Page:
Writing your script with Highland 2
Highland 2 – Writing Your Script
Let’s look at how the writing works in Highland 2.
If you’ve been working with other screenwriting applications, you might be used to using the ENTER and of the TAB key to jump from element to element. This is how most screenwriting applications work.
For example, if you are writing a scene heading, and then press ENTER, you will be taken to the action element, because this is the element, that is most likely to be the next one you need.
When you are in an action element, and you press ENTER because you want to get to a new line, and you then press TAB, most likely you will be taken to the character element.
But since fountain is in its essence a simple text file, it works a little differently here.
Fountain in and of itself does not have definitions of screenplay elements. It’s only through the interpretation of the application that can read fountain syntax, that the elements are displayed correctly on the page.
So, let’s see how this is done.
In Highland, in the editor, you can choose if you want the editor to display everything flush left, like it would be displayed in any simple text editor, or, if you want some elements, like for example the character and the dialogue elements, to be displayed indented in a kind of live preview if you will.
Highland calls that “Live Margins”.
Let’s take a couple of sample elements to show how this works.
To turn on live margins, go to “View – Live Margins”.
With life margins turned on, you can see that the character, parenthetical, and dialogue elements are indented here in the editor.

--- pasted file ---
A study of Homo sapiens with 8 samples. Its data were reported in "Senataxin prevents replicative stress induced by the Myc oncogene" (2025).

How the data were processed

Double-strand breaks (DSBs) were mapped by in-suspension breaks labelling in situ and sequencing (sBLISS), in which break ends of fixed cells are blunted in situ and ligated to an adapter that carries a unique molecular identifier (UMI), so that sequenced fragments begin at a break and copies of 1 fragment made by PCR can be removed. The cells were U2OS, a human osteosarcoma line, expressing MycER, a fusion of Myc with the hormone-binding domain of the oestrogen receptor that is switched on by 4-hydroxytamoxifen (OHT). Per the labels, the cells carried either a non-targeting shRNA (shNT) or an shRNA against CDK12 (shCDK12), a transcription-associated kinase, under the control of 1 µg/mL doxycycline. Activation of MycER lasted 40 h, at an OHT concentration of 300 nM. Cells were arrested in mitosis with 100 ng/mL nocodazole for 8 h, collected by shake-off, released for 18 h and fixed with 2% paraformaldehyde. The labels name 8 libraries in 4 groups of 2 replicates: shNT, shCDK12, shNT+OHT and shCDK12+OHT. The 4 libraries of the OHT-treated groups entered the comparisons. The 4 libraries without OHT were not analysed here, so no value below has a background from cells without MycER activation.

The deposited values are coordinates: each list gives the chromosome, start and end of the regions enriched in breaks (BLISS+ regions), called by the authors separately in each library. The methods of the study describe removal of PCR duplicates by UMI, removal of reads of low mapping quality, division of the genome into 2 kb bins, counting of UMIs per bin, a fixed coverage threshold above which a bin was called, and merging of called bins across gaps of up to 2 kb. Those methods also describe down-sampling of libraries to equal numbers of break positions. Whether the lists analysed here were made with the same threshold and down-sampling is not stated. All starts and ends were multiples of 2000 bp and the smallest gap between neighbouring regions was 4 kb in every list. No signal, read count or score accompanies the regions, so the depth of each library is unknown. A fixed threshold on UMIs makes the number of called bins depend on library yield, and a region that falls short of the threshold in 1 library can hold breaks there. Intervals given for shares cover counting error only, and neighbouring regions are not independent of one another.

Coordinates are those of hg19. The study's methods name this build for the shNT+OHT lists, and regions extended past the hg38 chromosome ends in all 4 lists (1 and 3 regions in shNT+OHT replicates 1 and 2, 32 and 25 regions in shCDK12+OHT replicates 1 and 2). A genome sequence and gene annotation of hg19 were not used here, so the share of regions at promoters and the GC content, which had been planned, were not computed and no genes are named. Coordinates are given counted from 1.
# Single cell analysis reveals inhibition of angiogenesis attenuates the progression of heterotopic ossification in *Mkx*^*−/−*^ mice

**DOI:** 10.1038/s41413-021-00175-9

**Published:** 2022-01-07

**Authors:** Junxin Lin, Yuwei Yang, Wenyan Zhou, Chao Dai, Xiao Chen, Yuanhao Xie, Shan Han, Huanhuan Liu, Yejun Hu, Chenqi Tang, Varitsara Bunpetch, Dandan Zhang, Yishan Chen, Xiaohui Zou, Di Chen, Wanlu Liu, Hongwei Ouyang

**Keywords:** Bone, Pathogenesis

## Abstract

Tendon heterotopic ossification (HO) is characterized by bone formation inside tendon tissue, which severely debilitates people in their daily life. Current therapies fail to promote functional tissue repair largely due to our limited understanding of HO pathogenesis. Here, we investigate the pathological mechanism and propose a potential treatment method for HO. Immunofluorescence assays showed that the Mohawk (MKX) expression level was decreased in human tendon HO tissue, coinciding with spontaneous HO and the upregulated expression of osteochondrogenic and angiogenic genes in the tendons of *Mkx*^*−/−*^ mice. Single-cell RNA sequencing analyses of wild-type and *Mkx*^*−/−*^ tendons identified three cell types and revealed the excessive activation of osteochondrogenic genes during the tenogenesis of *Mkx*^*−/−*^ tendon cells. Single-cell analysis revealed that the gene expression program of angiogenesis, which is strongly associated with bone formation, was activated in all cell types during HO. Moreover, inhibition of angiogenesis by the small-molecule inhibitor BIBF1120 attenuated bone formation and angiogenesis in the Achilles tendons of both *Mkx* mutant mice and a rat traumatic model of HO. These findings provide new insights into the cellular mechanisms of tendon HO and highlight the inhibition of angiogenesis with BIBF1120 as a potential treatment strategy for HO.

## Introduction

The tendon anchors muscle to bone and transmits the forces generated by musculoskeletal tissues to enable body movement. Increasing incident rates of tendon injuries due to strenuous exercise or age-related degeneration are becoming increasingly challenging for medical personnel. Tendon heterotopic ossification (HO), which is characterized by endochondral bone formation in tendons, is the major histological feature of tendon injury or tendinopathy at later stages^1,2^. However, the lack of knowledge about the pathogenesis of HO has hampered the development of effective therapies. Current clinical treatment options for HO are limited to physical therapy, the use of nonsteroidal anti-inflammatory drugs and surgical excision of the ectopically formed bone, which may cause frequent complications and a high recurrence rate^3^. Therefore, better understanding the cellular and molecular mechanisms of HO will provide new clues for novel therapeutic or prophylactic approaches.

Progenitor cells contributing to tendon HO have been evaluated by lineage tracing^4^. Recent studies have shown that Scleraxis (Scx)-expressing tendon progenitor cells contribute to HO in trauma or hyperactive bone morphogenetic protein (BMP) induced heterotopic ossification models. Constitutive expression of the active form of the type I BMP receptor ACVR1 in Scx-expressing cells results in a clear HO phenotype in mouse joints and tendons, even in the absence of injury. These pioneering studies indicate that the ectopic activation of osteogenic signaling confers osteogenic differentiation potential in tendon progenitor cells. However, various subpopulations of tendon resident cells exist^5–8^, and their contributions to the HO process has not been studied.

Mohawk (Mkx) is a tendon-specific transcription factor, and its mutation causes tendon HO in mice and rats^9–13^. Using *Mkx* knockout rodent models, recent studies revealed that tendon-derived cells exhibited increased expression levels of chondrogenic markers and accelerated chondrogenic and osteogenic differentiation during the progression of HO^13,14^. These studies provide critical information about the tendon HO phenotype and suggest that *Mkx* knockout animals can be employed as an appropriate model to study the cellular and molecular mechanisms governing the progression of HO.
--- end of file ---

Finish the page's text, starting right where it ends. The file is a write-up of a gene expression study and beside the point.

All this means, that you don’t need to worry about using certain keys, like TAB and ENTER for example, to go to certain elements. You just write your script and Highland will interpret most of the elements correctly, if you stick to the basic usage of capitalizations and empty lines.
Basic Fountain Rules
As I have mentioned before in other articles that explain how fountain works, just make sure you use an empty line after scene headings, and after dialogue.
Also, make sure you do NOT have an empty line between character names, parentheticals and the dialogue itself.
If you stick to those basic rules, for the most part you don’t need to worry about anything, you can just write.
And if you have life margins turned on, you will see pretty quickly if one or more of your elements are not interpreted correctly.
Also, you can always refer to the page preview to check the formatting if you want.
So, without having gone into more functions about Highland, which we will do in other articles in detail, you can jump right into writing your script here and learn about other stuff that the program can do for you bit by bit.
And, there is a handy cheat sheet in Highland that you can always refer to, if you go to “Help – Cheat Sheet”. There you can see how you can use less common elements also, but don’t worry, we will go through most of them anyway if you just follow along.